Following the ruling, a spokesperson for the sheikh said he “has always ensured that his children are provided for” and asked for the media to respect their privacy. A lawyer for Haya did not immediately respond to a request for comment.
The settlement is the latest development in a legal saga that began when the princess fled to Britain in April 2019, fearing for her safety after she began an affair with one of her bodyguards, and a month after she had asked the sheikh for a divorce.
Later that year, the London court ruled Mohammed had carried out a campaign of threats and intimidation that made her fear for her life, and that he had also previously abducted and mistreated two of his daughters by another marriage.
Earlier this year, the President of the Family Division in England and Wales, a senior judge, also determined that Mohammed had ordered the phones of Haya and her lawyers, one of whom is a parliamentary lawmaker, to be hacked using the sophisticated “Pegasus” state security software.
Haya had not asked for any divorce settlement. She did not offer an explanation, but her lawyers said she would have been entitled to seek billions as the ex-wife of one of the world’s richest men.
“The mother’s financial claims, and the size of the relief that’s being sought, are quite unprecedented,” the sheikh’s lawyer, Nigel Dyer, told the court during hearings that could not be reported until Tuesday.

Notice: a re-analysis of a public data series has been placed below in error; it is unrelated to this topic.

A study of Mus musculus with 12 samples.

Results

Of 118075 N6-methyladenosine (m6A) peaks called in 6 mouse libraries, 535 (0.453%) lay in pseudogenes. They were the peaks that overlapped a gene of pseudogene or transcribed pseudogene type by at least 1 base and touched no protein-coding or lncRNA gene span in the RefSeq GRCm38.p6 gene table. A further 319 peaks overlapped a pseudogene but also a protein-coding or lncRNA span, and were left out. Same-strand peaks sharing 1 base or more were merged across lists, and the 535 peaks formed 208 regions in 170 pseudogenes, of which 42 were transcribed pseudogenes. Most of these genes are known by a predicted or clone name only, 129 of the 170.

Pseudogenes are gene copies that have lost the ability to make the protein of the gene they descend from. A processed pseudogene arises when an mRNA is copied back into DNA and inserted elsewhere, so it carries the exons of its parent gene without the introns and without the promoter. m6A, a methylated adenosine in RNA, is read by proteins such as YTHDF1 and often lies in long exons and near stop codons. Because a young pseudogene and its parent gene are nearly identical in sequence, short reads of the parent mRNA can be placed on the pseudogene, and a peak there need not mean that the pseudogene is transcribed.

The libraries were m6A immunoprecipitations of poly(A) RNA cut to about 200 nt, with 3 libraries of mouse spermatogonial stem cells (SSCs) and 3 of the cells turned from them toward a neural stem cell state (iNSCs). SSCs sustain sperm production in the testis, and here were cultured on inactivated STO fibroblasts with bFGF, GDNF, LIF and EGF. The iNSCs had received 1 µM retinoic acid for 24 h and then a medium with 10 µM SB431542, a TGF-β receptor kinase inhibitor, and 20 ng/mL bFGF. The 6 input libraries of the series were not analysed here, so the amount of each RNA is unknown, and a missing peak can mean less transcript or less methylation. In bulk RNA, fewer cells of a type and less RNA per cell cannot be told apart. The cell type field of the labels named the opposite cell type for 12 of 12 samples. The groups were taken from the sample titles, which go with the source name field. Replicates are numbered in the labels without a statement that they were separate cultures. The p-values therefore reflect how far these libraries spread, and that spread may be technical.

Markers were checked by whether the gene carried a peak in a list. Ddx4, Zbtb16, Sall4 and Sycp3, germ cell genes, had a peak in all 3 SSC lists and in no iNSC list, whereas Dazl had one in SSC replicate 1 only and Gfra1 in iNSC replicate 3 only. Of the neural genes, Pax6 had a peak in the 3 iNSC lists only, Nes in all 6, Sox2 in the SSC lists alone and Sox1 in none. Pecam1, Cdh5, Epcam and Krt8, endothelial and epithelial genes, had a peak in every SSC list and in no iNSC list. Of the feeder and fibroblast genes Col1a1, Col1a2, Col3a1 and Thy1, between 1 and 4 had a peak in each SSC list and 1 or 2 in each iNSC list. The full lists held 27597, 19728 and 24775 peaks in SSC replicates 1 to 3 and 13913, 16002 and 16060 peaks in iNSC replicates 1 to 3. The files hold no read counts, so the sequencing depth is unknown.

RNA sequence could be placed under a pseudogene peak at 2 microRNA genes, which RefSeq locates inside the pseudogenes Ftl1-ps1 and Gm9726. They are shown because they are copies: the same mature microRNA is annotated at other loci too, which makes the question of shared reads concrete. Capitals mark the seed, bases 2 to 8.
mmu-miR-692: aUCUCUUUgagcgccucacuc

He said her demands were excessive and she was really claiming for herself under the guise of her children. He also accused the princess of misusing the children’s funds, saying that she had paid out £6.7 million to blackmailers, who were part of her security team, to keep an affair quiet.
The court did not hear from the alleged blackmailers. Haya said she used money from the children’s accounts because she was frightened.
The bulk of Haya’s financial award will go on security, according to the details of the settlement. This was to keep the children safe from being abducted by their own father, the ruling said, including cash for a fleet of armoured cars that would be replaced every few years.
“Absolutely uniquely, the main threat they face is from (the sheikh) himself not from outside sources,” Moor said.
Haya told the court that it was not excessive for her to ask for millions to pay for five housekeepers, clothing, upkeep of her two mansions, one estimated to be worth about 100 million pounds, and regular holidays.
Her jewellery, in total valued at some £20 million, would fill the courtroom if spread out, she said.
The previous largest sum ever thought to have been ordered by a British court was the £453.6 million that Russian billionaire Farkad Akhmedov was instructed to pay for his 2016 divorce settlement.